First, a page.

Key Health Updates: Novo Nordisk Risks, Thailand's Cannabis Reversal, Avian Flu Outbreaks, and More

Latest health news highlights include FDA concerns over Novo Nordisk's insulin risks, Thailand's medical cannabis regulations, new avian flu cases in Australia, lawsuits against Johnson & Johnson, Medtronic's strong quarter, Biogen's acquisition deal, Pfizer's cost-cutting plan, and bird flu infections in U.S. dairy workers.

Reuters | Updated: 23-05-2024 18:27 IST | Created: 23-05-2024 18:27 IST
Key Health Updates: Novo Nordisk Risks, Thailand's Cannabis Reversal, Avian Flu Outbreaks, and More

Following is a summary of current health news briefs.

US FDA staff flags risk of low blood sugar for Novo Nordisk's weekly insulin

The U.S. Food and Drug Administration's staff said on Wednesday the use of Novo Nordisk's long-acting weekly insulin had an increased risk of low blood sugar in patients with type 1 diabetes, who are more insulin-dependent. Novo is aiming to become the first to bring to the market a weekly insulin product, offering an alternative to the daily insulin injections for millions of patients with type 1 diabetes and the more common type 2 patients.

Thailand plans to require permits for medical, research use of cannabis

Thailand plans to relist cannabis as a narcotic and issue permits only to those who grow and use it for medical purposes and research, Public Health Minister Somsak Thepsutin said on social media on Thursday. The comments follow a stunning policy reversal this month by Prime Minister Srettha Thavisin, who pledged to re-criminalise cannabis by the end of the year after it was de-criminalised in 2022.

Australia reports new avian flu case at poultry farm

A new case of highly pathogenic avian influenza has been detected at a poultry farm in Australia's southeastern Victoria state, officials said on Thursday, a day after the country reported its first human case of the virus and also a strain on an egg farm. The human case found in Australia is of the same H5N1 strain that has spread rapidly around the world but the ones detected on the farms in Victoria are of the different H7N3 strain.

Cancer victims sue Johnson & Johnson over 'fraudulent' bankruptcies

A group of cancer victims sued Johnson & Johnson on Wednesday, accusing the healthcare company of committing fraud through repeated and continued efforts to use a shell company's bankruptcy to resolve tens of thousands of lawsuits alleging its talc products contained asbestos and caused cancer. Five plaintiffs who seek to represent over 50,000 people who have sued J&J over its talc products filed the proposed class action in New Jersey federal court. They allege that J&J's bankruptcy strategy put billions of dollars out of the reach of plaintiffs in an attempt to "hinder, delay, and defraud these women and prevent them from ever having their day in court."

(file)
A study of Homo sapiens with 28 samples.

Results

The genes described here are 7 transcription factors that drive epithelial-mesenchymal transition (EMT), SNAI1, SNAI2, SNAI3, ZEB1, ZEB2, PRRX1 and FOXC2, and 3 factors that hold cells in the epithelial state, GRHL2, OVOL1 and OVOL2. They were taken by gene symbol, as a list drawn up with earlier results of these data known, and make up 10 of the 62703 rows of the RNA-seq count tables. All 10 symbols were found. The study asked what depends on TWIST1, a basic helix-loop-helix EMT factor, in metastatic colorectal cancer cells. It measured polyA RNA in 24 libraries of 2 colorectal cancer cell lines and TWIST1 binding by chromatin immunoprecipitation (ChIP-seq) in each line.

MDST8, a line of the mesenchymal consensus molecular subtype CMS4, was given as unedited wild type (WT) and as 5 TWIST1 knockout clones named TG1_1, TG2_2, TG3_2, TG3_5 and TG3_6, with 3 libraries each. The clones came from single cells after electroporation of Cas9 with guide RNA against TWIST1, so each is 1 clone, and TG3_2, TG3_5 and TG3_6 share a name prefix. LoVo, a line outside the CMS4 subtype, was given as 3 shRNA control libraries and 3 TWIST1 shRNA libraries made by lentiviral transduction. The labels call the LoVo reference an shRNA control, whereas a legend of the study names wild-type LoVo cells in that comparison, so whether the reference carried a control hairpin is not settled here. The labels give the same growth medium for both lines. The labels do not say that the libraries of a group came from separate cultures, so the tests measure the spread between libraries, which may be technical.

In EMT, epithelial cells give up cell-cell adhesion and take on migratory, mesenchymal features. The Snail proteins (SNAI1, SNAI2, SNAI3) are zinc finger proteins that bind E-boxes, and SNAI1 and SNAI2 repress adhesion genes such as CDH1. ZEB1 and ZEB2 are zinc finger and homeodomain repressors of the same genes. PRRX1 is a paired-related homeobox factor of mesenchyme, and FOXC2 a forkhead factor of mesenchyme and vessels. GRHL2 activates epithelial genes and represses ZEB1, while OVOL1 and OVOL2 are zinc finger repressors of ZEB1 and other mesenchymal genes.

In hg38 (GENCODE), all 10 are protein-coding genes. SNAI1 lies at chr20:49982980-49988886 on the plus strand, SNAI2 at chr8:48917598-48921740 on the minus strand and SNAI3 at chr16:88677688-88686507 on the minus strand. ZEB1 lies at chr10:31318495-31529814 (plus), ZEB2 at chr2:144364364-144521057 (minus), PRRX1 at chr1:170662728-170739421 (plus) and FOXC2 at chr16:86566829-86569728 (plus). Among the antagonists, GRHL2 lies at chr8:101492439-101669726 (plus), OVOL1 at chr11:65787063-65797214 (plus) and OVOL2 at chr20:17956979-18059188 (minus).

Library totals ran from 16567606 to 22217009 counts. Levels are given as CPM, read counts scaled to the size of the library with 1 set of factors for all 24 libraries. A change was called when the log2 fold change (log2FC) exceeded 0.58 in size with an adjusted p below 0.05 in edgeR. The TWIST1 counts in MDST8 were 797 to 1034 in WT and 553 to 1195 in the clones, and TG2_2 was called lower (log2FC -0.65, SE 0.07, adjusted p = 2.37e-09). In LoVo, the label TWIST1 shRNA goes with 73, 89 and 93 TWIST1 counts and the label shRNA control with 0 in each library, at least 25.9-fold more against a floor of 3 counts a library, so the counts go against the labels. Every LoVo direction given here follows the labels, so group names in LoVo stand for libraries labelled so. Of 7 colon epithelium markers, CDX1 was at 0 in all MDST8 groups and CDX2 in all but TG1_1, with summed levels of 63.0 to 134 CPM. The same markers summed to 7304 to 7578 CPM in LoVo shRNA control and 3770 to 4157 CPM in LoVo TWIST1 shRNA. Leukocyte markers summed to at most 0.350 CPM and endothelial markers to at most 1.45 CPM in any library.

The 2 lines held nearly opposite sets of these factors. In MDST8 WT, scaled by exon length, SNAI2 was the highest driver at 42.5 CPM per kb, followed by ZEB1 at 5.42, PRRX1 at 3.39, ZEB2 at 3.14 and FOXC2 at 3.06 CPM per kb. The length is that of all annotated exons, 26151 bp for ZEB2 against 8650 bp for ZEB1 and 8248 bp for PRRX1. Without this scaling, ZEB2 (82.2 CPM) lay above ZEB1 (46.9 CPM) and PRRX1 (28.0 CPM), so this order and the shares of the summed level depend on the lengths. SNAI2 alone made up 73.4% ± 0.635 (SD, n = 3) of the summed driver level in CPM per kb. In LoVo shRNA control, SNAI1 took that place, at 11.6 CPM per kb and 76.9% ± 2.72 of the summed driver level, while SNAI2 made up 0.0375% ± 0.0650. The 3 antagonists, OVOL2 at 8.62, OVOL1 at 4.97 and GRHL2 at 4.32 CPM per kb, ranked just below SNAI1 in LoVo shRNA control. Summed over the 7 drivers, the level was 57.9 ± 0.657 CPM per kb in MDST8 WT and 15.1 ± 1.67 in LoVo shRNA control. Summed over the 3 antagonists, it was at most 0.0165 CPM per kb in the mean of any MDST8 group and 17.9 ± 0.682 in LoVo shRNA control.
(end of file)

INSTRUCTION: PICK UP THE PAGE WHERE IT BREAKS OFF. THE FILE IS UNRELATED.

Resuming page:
Medtronic beats fourth-quarter estimates on strength in medical devices

Health tech firm Medtronic beat Wall Street estimates for quarterly profit and revenue on Thursday, as a pickup in surgical volumes at hospitals lifted demand for its medical devices. Investor expectations around the financial performance of medical devices makers have grown lately, owing to a resurgence in demand as people, especially older adults, opted for medical procedures deferred during the COVID-19 pandemic.

Biogen in up to $1.8 billion deal as rare diseases take center stage

Biogen said on Wednesday it had agreed to buy privately held Human Immunology Biosciences for up to $1.8 billion, bulking up on rare disease medicines as its older multiple sclerosis drugs face tepid demand due to rising competition. Human Immunology's (HI-Bio) felzartamab has completed mid-stage studies for a type of kidney disease called primary membranous nephropathy, and in patients with a disease where the immune system makes antibodies that damage their transplanted organ.

Pfizer rolls out another cost-cutting program, sets $1.5 billion target by 2027

U.S. drugmaker Pfizer on Wednesday launched a new multi-year program to reduce its expenses by about $1.5 billion by the end of 2027, adding on to a $4 billion cost cutting plan it announced last year. Investors have fled from Pfizer as pandemic worries declined and billions of dollars in COVID-19 vaccine and treatment sales disappeared. The company responded with a $43 billion purchase of cancer drugmaker Seagen, the cost cuts, and an internal restructuring.

Tango Therapeutics to stop development of cancer therapy

Tango Therapeutics said on Thursday it would stop the development of its experimental cancer therapy due to liver toxicity experienced by patients in an early-to-mid stage trial.

Shares of the Boston-based cancer therapy developer fell 5.4% in premarket trading.

Second US dairy worker infected with bird flu confirmed in Michigan

A second human case of bird flu has been confirmed in the United States since the virus was first detected in dairy cattle in late March, U.S. officials said on Wednesday. The infection of a dairy worker in Michigan expands the outbreak of the virus that has circulated in poultry for years, though the U.S. Centers for Disease Control and Prevention (CDC) said the risk to the general public remains low.

Many US dairy workers yet to receive protective gear for bird flu

Many U.S. dairy farms have not yet increased health protections against bird flu for employees during an outbreak in cows, according to workers, activists and farmers, worrying health experts about the risk for more human infections of a virus with pandemic potential. Epidemiologists are concerned the virus could potentially spread and cause serious illnesses as farmers downplay the risk to workers while employees are not widely aware of cases in U.S. cattle.

(This story has not been edited by Devdiscourse staff and is auto-generated from a syndicated feed.)